Southern Californians' drinking water comes from local supplies, the Colorado River, and Northern California. It's been drier than usual in all those places this year. KPCC's Brian Watt reports that regional water officials are worried.
Brian Watt: The Metropolitan Water District provides drinking water to almost 18 million people in six Southland counties. General Manager Jeff Kightlinger says the district's saved about a year's worth of water for use between rainy days.
Jeff Kightlinger: Right now, our system's very full. It's not like we're gonna be short tomorrow. But a year from now, two years from now, if we don't get some sort of fix in place, you start to run into trouble.
Watt: Farmers will notice one part of that fix in a couple of months: Come January, the water district's cutting the agricultural water supply by about one third. The district is also developing a water rationing plan for all users, in case that becomes necessary. It's also planning for what it calls "extraordinary conservation," Kightlinger says – with incentives for saving water and penalties for using too much.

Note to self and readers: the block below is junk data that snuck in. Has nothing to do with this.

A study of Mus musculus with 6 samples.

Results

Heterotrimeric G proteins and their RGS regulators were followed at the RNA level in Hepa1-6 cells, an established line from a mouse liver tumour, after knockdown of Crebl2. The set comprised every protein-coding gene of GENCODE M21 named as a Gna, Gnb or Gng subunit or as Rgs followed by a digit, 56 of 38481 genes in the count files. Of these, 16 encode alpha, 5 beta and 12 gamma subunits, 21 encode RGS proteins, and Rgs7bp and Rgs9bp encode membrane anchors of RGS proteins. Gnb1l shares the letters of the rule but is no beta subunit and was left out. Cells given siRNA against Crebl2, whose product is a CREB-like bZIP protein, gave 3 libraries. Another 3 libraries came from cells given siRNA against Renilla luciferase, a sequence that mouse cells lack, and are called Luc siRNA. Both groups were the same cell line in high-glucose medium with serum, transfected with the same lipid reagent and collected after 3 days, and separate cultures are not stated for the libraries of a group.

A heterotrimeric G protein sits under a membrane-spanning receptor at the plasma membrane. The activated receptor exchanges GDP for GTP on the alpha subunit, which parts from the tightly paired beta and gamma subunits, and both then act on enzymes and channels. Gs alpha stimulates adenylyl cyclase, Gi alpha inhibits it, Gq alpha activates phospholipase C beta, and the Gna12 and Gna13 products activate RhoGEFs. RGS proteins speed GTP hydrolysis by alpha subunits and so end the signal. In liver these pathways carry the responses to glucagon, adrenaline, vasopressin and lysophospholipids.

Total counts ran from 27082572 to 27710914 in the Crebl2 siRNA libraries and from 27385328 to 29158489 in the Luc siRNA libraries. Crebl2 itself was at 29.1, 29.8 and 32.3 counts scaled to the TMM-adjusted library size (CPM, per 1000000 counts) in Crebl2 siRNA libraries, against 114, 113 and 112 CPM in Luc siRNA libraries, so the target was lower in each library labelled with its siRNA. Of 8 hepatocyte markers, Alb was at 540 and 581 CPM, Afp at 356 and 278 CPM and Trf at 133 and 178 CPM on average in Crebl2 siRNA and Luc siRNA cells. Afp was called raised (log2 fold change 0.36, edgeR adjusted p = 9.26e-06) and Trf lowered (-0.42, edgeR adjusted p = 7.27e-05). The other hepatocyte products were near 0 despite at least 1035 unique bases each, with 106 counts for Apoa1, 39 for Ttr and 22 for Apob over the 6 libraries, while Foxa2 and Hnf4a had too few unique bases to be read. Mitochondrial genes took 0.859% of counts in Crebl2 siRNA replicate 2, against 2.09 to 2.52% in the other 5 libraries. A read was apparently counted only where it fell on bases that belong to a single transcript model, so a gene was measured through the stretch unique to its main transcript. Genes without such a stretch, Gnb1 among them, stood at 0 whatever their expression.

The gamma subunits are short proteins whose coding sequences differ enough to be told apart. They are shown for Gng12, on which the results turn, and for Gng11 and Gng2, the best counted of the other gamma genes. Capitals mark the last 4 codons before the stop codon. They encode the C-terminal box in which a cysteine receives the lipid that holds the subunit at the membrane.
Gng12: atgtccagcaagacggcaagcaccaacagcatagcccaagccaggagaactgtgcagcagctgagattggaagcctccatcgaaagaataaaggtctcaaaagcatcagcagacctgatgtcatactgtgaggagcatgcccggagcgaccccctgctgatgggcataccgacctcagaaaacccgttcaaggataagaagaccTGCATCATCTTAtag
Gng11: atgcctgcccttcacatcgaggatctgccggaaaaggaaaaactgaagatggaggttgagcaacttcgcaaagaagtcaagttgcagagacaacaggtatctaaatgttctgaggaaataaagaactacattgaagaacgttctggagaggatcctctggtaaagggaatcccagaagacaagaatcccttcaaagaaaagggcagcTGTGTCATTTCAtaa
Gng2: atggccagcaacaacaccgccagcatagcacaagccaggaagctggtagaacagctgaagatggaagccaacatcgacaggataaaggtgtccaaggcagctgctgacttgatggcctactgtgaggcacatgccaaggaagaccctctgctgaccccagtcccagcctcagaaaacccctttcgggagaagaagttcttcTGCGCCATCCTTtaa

Kightlinger: Because if we're going to be effectively short of our imported water 70 percent of the time, we're gonna have to make that up significantly through conservation and changing our lifestyle here in Southern California.
Watt: Drought isn't the only reason for the imported water shortage he's projecting. A recent court ruling restricted pumping from water sources up north to protect the endangered Delta smelt. As a result, the Metropolitan Water District estimates it could lose as much as 30 percent of the water it gets from the Sacramento-San Joaquin Delta.
Kightlinger says it's up to the district and the state to figure out what to do.
Kightlinger: We shouldn't be competing "people versus fish." We need to find a way to make the ecosystem better and to make our water supply more reliable.
Watt: Kightlinger says the water district supports two efforts at the state level: California Senate President Pro Tem Don Perata's push to get a bond measure on the ballot for next February; it would generate funds for regional water projects. And Governor Arnold Schwarzenegger's $9 billion proposal to upgrade the delta's infrastructure and bolster conservation efforts across California.